J.P. Harris uses his off time from law career to give back to many others
WEARE — At work, James P. Harris helps businesses protect their data and their rights. At home, he loves to be with his wife and son. And in his free time, Harris gives back to those who helped him find success.
Harris, 37, is an attorney with Sheehan, Phinney, Bass + Green specializing in business litigation, but a growing sector of his business is in records retention – helping businesses deal effectively with their electronic data.
"It's a lot of fun," he said. "It's very different from the litigation world. It's more collaborative and more productive."
Harris grew up in Derry and attended Trinity High School. During his time there, he met the love of his life, his wife Chantal, and also got a taste of what his future could be.
"I wasn't sure what I wanted to do, but I attended this week-long course where they simulated law school," he said. "I wasn't sure I wanted to be a lawyer, but I loved law school. I loved the Socratic method."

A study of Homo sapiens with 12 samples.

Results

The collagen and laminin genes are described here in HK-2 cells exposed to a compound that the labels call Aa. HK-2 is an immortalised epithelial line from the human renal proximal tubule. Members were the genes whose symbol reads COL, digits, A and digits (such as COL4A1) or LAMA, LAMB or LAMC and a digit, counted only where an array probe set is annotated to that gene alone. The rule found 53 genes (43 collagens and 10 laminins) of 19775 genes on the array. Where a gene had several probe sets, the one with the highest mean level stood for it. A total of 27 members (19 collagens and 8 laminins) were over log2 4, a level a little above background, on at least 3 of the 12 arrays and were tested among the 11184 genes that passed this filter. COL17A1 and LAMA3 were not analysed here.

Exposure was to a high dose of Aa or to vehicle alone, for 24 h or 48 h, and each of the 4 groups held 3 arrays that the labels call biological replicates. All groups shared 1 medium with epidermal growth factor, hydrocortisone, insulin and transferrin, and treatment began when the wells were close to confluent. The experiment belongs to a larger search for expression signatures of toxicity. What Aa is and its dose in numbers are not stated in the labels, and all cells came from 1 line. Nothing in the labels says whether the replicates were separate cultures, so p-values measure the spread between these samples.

After completing his undergraduate degree at Swarthmore College in Pennsylvania, Harris attended Catholic University for law school. A summer job at Sheehan, Phinney, Bass + Green earned him a place at the firm after he graduated, and he's been there ever since.
Harris has been named one of the Best Lawyers in America in commercial litigation, and a Rising Star by New England Super Lawyers.
When he's not working or spending time with his family, Harris tries to serve the community, whether as a member of the Greater Manchester Chamber of Commerce or as volunteer for Catholic Charities in their effort to get more young professionals to give back. He serves as chair of the Trinity High School board of advisers, where he works to help make the school the best it can be.
"I feel very indebted to Trinity on a lot of levels," Harris said. "So I want to help them as best I can."
Harris also gives his time to St. Joseph Community Services providing Meals on Wheels to homebound folks. In his role as a member of the board, Harris said he tries to help the organization find the money needed to ensure those who need assistance get it.
"It's a really professionally run group with a lot of challenges," he said. "It's difficult to ensure there's enough money to provide food for people in need."
In his own life, Harris said his biggest challenge is to find balance between work, family, and community service.
"I have never had a day where I dreaded coming to work," he said, "but I need to learn how to turn work off and enjoy the time I have with my wife and son. I'm lucky to work at a place where they recognize the need to unplug."